The Master of Studies in Islamic Studies and History is a one-year degree for students who already possess substantial knowledge of the field and who are able, without further language training, to work with pre-modern Arabic, Persian, and Turkish primary sources as appropriate to their particular research interests. The course focuses on the political, social, and intellectual history of the central Islamic lands (Egypt, the Fertile Crescent, the Arabian Peninsula, Iran, Central Asia, and Anatolia) up until c. 1800. The course is characterised by a strong emphasis on research methods and primary sources, thus making it a very good entry gate for subsequent doctoral study. You will already possess substantial general knowledge of Islamic or Middle Eastern studies and history.
You can take specialised classes and undertake independent research under the supervision of a faculty member. You will receive specialised teaching in two elective papers, taught during the first two terms, while also working on a dissertation (or on two extended research essays) under the supervision of a suitable member of the faculty. Available elective papers may vary from year to year, but topics that are frequently taught include the Qur’an and Qur’anic exegesis, hadith, Islamic law, Sufism, Islamic theology, Arabic philosophy, conversion to Islam in the Middle Ages, and Islamic art and architecture. In the past students have also taken options in Arabic and Persian literature. Elective papers normally involve a weekly meeting of 2h devoted to the reading and primary sources, student presentations, informal lecturing, and the discussion of student essays. Students spend a significant amount of time preparing for these meetings by working through primary texts, reading secondary literature, and writing essays.
Oriental studies graduates have found employment in many and diverse fields including business, finance, law, civil service, journalism, government and industry.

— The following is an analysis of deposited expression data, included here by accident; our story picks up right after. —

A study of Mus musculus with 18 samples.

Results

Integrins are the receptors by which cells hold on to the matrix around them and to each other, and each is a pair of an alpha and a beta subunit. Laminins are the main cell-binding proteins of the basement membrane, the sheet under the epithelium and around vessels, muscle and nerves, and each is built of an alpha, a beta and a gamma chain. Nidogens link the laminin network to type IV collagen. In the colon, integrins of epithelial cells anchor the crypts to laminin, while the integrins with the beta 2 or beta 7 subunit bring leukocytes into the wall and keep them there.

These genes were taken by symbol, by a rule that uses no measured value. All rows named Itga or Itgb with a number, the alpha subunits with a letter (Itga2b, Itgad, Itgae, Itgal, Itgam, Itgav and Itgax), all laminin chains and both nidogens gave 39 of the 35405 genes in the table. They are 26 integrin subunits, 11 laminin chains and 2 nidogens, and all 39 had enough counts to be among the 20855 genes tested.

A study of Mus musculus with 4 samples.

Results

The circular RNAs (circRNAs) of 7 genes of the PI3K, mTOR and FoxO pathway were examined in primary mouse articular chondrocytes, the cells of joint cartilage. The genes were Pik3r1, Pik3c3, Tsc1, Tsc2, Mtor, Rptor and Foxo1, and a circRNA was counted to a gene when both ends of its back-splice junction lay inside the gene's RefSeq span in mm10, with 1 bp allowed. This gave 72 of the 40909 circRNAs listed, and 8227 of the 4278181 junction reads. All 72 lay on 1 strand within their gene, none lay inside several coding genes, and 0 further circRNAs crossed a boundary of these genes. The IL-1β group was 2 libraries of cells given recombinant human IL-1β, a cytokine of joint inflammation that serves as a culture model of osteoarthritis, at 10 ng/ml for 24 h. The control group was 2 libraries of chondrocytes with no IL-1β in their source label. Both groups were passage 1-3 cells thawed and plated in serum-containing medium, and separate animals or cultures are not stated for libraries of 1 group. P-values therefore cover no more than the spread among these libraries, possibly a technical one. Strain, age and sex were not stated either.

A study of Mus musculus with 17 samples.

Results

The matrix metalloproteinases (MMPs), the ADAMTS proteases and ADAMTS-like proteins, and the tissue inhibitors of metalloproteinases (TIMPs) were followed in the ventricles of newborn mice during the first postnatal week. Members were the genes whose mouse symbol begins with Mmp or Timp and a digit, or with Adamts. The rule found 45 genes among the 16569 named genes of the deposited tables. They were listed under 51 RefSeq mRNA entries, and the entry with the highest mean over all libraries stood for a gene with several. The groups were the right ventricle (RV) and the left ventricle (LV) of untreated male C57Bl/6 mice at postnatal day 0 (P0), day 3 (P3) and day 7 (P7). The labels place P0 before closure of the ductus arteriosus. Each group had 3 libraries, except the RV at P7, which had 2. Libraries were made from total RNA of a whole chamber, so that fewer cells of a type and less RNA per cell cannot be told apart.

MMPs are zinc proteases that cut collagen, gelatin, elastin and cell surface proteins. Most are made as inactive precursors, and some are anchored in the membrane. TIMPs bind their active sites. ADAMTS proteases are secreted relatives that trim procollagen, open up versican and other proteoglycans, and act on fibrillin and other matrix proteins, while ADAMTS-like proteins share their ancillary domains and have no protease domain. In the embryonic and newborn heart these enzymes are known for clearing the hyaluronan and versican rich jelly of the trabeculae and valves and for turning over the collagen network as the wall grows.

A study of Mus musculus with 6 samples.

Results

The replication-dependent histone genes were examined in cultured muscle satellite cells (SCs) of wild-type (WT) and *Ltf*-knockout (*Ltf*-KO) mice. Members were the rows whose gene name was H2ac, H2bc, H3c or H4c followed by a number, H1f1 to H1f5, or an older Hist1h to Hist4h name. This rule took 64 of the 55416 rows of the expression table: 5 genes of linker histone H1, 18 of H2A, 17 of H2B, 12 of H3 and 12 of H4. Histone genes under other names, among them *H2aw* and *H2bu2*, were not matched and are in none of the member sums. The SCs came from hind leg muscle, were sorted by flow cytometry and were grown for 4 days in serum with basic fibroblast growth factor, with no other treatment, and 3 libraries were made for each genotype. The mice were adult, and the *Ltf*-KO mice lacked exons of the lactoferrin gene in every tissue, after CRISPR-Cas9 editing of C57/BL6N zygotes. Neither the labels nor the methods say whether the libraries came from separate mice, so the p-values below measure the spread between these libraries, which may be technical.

Students often progress to doctoral work after completing the MSt. Many graduates have undertaken further research into subjects linked with Oriental studies and have pursued successful careers in the academic world, education and in museums.
Your final examination will consist of four units, which carry the same weight: two elective papers (normally examined as take-home papers at the end of the term in which they are taught, though some options may instead be examined as written examinations at the end of the academic year); a take-home essay on methods and research materials related to one of the options chosen by a candidate (examined during Hilary Term); and a thesis of 15,000 words, or two essays, on a topic (or topics) selected in consultation with your supervisor and approved by the Faculty Board.
Further information on the course, and the examination process, can be found in the course handbook here (information is current for the academic year of publication).
You will have access to the Nizami Ganjavi Library at the Oriental Institute. The library, comprising approximately 80,000 volumes of books, periodicals and pamphlets, housed both on and off-site, supports students of Middle Eastern and Islamic Studies, Hebrew and Jewish Studies, Eastern Christianity, South and Inner Asian Studies and Korean. The library’s Middle Eastern and Islamic collections have a strong focus on language, literature, and pre-1800 history, religion, philosophy and culture which is complemented by the modern Middle East collections of St Antony’s Middle East Centre Library. The Nizami Ganjavi Library provides access to publications in both vernacular languages (i.e. Arabic, Persian, Turkish and others) as well as European languages.
Adjacent to the Oriental Institute is the Ashmolean Museum, which houses superb collections.
In addition to this, there are a number of other specialist library collections in Oxford that focus on Oriental studies, such as:
The Sackler Library includes the principal library for Egyptology and ancient Near Eastern Studies. The Khalili Research Centre is the University of Oxford's centre for research and teaching in the art and material culture of the Islamic societies of the Middle East and of non-Muslim members and neighbours
You will also have access to the University's centrally provided electronic resources, the department's IT Officer and other bibliographic, archive or material sources as appropriate to the research topic. There is a computing room for the use of graduate students in the Oriental Institute, as well as a common room where tea and coffee are available and staff and students can meet.
Sources of funding
Applications recieved for this course by the January deadline will also be considered for funding if applications fulfill the eligibility criteria. Please use the University's fees, funding and scholarship search tool to find what funding you may be eligible for.
The Faculty has a number of scholarships and funding opportunities across a wide range of subjects. Please see here for a list of these opportunities.